Report Shows Medical Errors Decreasing at VA Hospitals

Doctors and nurses in operating room

VA staff continue to report and investigate surgical and invasive adverse events and report close calls.

At all VA medical centers, doctors, nurses and other hospital workers are required to report medical errors and near misses. That requirement, along with VA’s quality improvement efforts, is helping VA improve its patient safety record.

A new Department of Veterans Affairs report shows that it’s working.

“The rate of reported actual adverse events per month and the severity of those events has significantly diminished in the operating room,” noted Julia Neily, a nurse, lead author of the report, and associate director of VA’s National Center for Patient Safety Field Office.

Between mid-2006 and 2009, staff reported 101 surgical adverse events and 136 surgical close calls from both in and out of operating room settings.

The report shows a decrease in reported adverse events from 3.21 to 2.4 per month, while reported close calls increased from 1.97 to 3.24 per month.

“Care is becoming safer.”

— Julia Neily, Associate Director, National Center for Patient Safety Field Office

Reporting “Close Calls” Essential to Patient Safety

The findings indicate that VA staff continue to report and investigate surgical and invasive adverse events and report close calls, which allows problems to be caught before any harm occurs.

Close calls occur anywhere from three to 300 times more often than actual adverse events and in VA are given the same level of scrutiny as adverse events that result in harm to a patient.

“An increase in close call reporting is a very positive sign,” Neily said. “A willingness to report problems is essential to safe care.”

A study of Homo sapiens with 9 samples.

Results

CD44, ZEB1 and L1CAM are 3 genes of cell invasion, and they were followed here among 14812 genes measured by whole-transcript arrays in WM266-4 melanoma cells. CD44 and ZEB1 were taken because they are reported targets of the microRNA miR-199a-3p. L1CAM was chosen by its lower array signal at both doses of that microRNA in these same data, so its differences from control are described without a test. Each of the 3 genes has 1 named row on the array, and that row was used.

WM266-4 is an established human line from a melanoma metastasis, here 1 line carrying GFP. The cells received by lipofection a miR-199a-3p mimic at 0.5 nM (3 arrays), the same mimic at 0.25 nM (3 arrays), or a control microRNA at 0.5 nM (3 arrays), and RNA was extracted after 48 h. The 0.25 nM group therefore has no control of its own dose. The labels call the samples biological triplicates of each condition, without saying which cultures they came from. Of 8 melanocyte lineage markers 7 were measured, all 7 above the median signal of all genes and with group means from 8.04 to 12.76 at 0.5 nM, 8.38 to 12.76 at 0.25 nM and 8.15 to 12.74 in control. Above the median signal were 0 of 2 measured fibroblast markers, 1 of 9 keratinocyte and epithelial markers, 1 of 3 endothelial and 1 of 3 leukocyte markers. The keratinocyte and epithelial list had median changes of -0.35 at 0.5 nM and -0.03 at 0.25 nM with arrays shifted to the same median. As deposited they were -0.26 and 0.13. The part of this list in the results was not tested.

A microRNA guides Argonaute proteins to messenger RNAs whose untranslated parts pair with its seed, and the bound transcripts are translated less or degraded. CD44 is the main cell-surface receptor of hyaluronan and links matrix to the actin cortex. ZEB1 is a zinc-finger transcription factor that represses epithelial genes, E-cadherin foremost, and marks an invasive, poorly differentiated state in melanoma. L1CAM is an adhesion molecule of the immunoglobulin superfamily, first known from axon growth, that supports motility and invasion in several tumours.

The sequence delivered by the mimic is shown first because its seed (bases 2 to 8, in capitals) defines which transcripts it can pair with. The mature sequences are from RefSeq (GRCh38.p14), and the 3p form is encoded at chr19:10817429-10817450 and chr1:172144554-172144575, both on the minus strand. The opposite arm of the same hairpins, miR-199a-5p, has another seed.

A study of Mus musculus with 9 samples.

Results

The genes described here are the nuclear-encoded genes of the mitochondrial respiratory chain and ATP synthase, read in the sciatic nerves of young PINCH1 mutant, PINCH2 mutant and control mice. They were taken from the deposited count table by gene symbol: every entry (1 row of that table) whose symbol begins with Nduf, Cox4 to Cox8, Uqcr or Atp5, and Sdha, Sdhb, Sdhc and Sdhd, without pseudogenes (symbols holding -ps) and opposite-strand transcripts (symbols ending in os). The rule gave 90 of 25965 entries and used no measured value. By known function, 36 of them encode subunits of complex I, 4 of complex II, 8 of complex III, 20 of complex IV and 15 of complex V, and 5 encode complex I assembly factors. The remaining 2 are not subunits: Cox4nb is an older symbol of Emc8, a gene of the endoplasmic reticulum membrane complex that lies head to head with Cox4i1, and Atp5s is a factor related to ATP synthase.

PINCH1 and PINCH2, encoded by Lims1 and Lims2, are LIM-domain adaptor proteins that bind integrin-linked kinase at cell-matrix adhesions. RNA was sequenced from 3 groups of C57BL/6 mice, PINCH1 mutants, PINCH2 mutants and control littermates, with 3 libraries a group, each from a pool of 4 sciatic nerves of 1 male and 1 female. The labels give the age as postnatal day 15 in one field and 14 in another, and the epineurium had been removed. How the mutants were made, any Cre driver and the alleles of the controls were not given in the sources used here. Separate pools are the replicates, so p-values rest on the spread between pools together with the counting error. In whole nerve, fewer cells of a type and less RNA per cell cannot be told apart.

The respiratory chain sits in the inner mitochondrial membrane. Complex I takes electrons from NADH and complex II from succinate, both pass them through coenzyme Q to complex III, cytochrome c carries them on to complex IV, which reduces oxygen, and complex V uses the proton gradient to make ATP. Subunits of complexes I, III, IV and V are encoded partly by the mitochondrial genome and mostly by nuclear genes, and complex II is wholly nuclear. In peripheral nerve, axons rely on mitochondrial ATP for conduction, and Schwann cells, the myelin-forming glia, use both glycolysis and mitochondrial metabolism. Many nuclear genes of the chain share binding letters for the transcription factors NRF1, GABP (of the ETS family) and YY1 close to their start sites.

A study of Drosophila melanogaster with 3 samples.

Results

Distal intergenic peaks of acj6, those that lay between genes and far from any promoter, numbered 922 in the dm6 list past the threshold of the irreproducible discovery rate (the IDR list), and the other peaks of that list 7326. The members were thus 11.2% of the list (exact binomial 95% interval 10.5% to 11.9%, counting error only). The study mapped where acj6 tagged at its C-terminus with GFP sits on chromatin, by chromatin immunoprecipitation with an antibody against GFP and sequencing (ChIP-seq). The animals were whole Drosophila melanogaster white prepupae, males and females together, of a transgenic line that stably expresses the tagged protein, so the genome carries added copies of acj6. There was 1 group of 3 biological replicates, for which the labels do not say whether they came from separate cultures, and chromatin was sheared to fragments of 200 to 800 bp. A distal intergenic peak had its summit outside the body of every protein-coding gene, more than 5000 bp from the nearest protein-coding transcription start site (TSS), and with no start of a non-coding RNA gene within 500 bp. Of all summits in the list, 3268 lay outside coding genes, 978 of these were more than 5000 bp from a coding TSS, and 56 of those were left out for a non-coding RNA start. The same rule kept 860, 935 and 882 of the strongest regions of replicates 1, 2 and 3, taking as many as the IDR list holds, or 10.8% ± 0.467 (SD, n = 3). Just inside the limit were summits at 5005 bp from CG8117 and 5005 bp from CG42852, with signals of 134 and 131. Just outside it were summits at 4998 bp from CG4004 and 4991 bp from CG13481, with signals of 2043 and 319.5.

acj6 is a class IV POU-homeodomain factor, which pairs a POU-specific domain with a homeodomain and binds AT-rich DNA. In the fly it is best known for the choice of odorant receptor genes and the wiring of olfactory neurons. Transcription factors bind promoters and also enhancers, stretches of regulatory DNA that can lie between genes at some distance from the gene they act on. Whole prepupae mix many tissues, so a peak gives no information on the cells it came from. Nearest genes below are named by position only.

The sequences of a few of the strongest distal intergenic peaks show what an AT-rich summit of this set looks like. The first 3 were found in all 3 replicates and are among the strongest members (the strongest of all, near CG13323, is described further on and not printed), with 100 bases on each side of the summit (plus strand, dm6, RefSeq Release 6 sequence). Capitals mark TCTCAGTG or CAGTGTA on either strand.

She said the increase in close call reports indicates that doctors, nurses, and their co-workers are now more willing to speak up if something goes wrong, or if it looks like something could go wrong.

“Care is becoming safer,” she added.

The data were derived from VA’s National Center for Patient Safety Database, which was developed to provide a confidential, non-punitive reporting system that allows users to electronically document patient safety information so lessons learned can benefit the entire system.

Goal: Prevent Mistakes from Happening Again

The root cause analysis process is a multidisciplinary team approach used to study adverse medical events and close calls. The goal of each root cause analysis is to find out what happened, why it happened, and what must be done to prevent it from happening again.

Many possible reasons for the decrease in adverse events were noted, including an increased focus on operating room safety in VA medical centers, and the implementation of the Medical Team Training (MTT) program at VA medical centers nationwide. MTT was developed to improve patient outcomes through more effective communication and teamwork among providers.

The most common root cause for incorrect surgery noted in the current report was a clinical process being left to the judgment of a clinician to accomplish, rather than having a specific approach to that process the clinician could have followed.

Human factors problems were the second most common root cause. These included issues with the human-machine interface, look-alike packaging of different implant components, and fatigue.

Commitment to Improve Communication

VA is implementing several initiatives to prevent incorrect surgical procedures in collaboration with VA surgical leadership. Other efforts include team training for staff in non-operating room settings, such as cardiac catheterization labs, and a sustained commitment to improve communication and teamwork through programs such as MTT.

“We are going to continue to seek ways reduce wrong site surgery,” said Neily, “It’s an essential part of VA’s goal to reduce harm to patients as a result of their care.”

The Veterans Affairs report was published in the Archives of Surgery online edition, July 18, 2011.